The number of inmates in state and federal prisons climbed to nearly a million last year, an almost threefold increase since 1980, according to a Justice Department report issued yesterday.

Last year's growth alone represented an average weekly gain of about 1,250 prisoners. Congress is poised to stiffen penalties for dozens of crimes, thereby exacerbating the problem. The Bureau of Justice Statistics said that nearly half the increase in prisoners since 1980 was linked to drug offenders entering prison. In 1992, the last year for which data on drug offenders were available, prison commitments for drug offenses reached 30 percent of all new commitments, the department said.

The "War on Drugs" produced longer federal and state sentences, mandatory minimum terms and tighter parole policies for drug and violent crimes.

In addition to drug offenders, the numbers of people jailed for sexual assault, robbery, aggravated assault and burglary have increased, the report said. Those crimes accounted for nearly 50,000 people entering prison in 1992, according to the Justice Department.

Inmate growth also was linked to increases in the number of parole and probation violators returned to prison. In 1980, only 17 percent of state prisoners were parole or probation violators, but by 1992 this had risen to 30 percent.

Overall, the nation's prisons held 948,881 inmates at the end of last year, compared with 329,821 men and women in 1980. The average annual increase for the 14-year period was 8.5 percent.

At the end of last year, state prisons were estimated to be operating at between 18 and 29 percent above capacity, while the federal system was estimated to be 36 percent over capacity.

The rapid rise in incarcerations underscored the fiscal impact of rising crime rates, primarily on state governments. Corrections officials estimate that it costs at least $15,000 a year to house each prisoner, and say the cost of building prisons has been rising annually. "In recent years, the increase in correctional spending for states has been twice that for general fund increases and even larger than in education spending," said Jon Felde, who studies judiciary issues for the National Conference of State Legislatures.

"We have to find new ways to cope with the rate of criminality," he added. Felde predicted that state governments would intensify their searches for sentencing alternatives to incarceration. Joseph R. Biden Jr. (D-Del.), chairman of the Senate Judiciary Committee, said that the Justice Department report makes all the more imperative the need for Congress to pass the crime bill, which authorizes billions of dollars for prison construction besides lengthening sentences for a number of crimes.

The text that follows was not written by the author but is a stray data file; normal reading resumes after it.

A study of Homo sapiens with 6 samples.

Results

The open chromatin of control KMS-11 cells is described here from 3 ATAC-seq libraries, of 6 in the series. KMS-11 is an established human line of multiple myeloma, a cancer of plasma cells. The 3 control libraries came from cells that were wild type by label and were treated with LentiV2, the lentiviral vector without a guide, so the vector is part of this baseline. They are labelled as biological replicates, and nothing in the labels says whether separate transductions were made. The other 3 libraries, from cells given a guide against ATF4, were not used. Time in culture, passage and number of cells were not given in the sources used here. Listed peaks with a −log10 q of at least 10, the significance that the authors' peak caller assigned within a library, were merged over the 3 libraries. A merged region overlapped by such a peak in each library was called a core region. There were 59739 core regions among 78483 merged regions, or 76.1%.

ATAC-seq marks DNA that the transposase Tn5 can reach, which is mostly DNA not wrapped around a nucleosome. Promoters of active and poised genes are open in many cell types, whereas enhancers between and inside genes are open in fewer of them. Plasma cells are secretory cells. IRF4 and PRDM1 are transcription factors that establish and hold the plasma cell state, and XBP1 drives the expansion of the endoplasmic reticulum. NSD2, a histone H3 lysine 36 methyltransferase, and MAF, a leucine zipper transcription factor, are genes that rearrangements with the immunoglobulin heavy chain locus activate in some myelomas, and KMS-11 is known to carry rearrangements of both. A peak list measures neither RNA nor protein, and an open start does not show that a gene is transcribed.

"But it is not enough simply to keep building prisons because -- as the statistics released demonstrate -- the prison population keeps growing to fill new spaces," he said.

Biden called for a "new approach" to fighting crime, balancing punishment with innovative prevention programs and expanding cost-effective experiments such as boot camps and special drug courts.

The report said that California had the most inmates in state facilities in 1992 (119,951), followed by Texas (71,103) and New York (64,569). Texas had an additional 29,546 inmates in local jails awaiting transfer to state prisons. The report stressed -- and law enforcement officials confirmed -- that inmate overcrowding and rising costs of incarceration have forced a number of states to begin housing prisoners in local jails. At the end of last year, the report said, 22 states reported a total of 50,966 such prisoners being held in local jails or other facilities.

Texas reported that almost 60 percent of its prisoners were being held in local jails even though they had been sentenced to state prisons, and four other states -- Louisiana, Virginia, New Jersey and West Virginia -- held more than 10 percent of their prison populations locally, the report said.

Bud Meeks, executive director of the National Sheriff's Association, said, "Incarcerating people is a very expensive proposition for us. We feel the increase because our local jails are turning into long-term facilities, which they really are not equipped to be."

Meeks said one local jail in Fort Wayne, Ind., was housing 540 inmates, even though it was built for 220. "That's happening all over... . It's a disaster waiting to happen," Meeks said.